Edmund did have quite a lasting influence over Mary -- in the concluding chapter it says --
"Mary had had enough of her own friends, enough of vanity, ambition, love, and disappointment in the course of the last half–year, to be in need of the true kindness of her sister’s heart, and the rational tranquillity of her ways. They lived together;" and they still lived together after Dr Grant's death i.e. Mary was still unmarried because although she had many admirers, she found it difficult to find "among the dashing representatives, or idle heir–apparents, who were at the command of her beauty, and her 20,000, any one who could satisfy the better taste she had acquired at Mansfield, whose character and manners could authorise a hope of the domestic happiness she had there learned to estimate, or put Edmund Bertram sufficiently out of her head."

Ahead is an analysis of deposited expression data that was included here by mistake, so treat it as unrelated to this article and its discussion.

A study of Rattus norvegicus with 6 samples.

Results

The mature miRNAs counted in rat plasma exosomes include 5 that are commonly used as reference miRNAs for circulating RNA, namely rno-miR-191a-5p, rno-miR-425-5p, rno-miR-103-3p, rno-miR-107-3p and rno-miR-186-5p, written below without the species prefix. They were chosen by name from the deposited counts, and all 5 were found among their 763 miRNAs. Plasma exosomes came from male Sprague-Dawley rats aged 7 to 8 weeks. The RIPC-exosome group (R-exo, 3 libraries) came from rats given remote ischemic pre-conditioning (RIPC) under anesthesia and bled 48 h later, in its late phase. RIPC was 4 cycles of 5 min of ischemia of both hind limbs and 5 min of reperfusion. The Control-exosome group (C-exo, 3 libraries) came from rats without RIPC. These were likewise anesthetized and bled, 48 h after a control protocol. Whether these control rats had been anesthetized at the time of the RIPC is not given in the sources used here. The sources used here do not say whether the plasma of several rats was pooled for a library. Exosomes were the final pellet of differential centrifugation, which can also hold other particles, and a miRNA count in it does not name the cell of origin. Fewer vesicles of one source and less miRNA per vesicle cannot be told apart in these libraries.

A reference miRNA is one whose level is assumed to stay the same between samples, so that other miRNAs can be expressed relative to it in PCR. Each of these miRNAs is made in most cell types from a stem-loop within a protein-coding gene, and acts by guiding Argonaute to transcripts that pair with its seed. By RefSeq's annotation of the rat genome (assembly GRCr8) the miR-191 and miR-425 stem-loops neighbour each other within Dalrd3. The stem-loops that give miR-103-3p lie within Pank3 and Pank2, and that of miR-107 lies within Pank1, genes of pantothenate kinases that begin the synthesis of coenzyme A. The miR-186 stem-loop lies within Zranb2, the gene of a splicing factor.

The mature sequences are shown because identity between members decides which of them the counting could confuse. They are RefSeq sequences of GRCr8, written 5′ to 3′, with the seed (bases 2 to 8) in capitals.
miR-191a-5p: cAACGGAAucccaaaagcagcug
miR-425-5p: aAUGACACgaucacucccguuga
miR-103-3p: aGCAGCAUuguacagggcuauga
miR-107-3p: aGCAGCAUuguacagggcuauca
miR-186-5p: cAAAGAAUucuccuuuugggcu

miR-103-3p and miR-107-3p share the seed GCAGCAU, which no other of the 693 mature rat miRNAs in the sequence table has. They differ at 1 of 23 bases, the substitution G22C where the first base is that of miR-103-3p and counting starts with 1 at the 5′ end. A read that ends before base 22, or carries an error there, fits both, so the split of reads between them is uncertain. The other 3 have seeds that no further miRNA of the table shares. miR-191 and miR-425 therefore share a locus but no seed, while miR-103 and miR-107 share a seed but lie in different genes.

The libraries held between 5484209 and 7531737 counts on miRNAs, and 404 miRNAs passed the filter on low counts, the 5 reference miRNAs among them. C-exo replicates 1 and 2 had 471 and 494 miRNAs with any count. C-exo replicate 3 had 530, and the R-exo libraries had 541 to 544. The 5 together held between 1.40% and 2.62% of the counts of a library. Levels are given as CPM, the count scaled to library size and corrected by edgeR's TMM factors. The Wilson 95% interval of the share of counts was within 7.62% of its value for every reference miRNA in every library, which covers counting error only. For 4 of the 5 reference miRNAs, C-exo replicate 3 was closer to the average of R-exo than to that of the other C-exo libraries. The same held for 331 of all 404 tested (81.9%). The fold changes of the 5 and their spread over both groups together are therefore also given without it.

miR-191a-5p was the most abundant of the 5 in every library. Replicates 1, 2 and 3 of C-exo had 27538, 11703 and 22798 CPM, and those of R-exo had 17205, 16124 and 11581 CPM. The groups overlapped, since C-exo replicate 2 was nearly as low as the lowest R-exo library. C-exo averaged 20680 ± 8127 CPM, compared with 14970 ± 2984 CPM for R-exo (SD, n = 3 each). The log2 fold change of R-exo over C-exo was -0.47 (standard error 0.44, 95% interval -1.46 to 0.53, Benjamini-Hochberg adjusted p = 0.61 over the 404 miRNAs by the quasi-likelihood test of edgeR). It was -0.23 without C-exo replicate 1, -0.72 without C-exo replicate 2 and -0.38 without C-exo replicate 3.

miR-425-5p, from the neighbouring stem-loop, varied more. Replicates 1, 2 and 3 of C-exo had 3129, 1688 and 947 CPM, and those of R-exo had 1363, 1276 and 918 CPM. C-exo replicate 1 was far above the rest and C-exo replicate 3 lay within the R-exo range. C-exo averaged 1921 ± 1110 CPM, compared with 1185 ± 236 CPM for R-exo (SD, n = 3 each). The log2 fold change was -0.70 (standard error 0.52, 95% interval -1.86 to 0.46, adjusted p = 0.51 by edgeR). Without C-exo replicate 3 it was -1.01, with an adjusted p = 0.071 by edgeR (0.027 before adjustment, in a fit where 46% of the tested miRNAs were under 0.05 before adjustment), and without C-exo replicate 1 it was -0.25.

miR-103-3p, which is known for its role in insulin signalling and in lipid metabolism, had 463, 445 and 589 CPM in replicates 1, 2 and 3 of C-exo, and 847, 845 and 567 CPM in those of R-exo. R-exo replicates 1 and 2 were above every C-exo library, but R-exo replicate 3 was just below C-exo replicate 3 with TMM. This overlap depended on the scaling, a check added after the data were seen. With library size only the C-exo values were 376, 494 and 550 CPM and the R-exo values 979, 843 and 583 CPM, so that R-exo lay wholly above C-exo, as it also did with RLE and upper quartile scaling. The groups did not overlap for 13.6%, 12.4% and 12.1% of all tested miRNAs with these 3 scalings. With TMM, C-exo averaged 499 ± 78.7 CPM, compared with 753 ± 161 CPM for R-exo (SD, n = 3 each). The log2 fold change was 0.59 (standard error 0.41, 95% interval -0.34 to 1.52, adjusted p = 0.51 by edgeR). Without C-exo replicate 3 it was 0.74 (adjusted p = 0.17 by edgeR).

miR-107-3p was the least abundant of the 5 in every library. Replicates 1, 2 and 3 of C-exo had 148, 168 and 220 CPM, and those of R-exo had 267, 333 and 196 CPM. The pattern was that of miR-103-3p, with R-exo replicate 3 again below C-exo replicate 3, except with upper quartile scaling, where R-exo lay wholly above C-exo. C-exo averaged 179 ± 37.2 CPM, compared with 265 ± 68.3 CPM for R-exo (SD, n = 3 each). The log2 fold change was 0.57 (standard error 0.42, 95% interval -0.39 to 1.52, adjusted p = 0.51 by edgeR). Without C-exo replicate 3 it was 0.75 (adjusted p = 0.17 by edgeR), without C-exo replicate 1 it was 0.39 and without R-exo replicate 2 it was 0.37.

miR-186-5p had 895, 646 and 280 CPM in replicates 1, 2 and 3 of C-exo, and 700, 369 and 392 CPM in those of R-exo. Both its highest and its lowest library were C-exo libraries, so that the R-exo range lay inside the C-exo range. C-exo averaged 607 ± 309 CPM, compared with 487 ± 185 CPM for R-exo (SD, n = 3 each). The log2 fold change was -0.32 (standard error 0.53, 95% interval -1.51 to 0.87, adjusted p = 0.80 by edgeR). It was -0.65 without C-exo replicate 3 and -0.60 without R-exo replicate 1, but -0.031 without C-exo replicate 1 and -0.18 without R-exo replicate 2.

Through Edmund's influence, Mary had acquired a "better taste" and "a hope of the domestic happiness", so she had learned to appreciate domestic happiness.
Earlier, in chapter 37, Fanny thought "the chance of Miss Crawford’s future improvement as nearly desperate", and that Edmund’s influence "would be finally wasted on her even in years of matrimony."
But the narrator suggests that Fanny was biased and inexperienced in her view --
"Experience might have hoped more for any young people so circumstanced, and impartiality would not have denied to Miss Crawford’s nature that participation of the general nature of women which would lead her to adopt the opinions of the man she loved and respected as her own."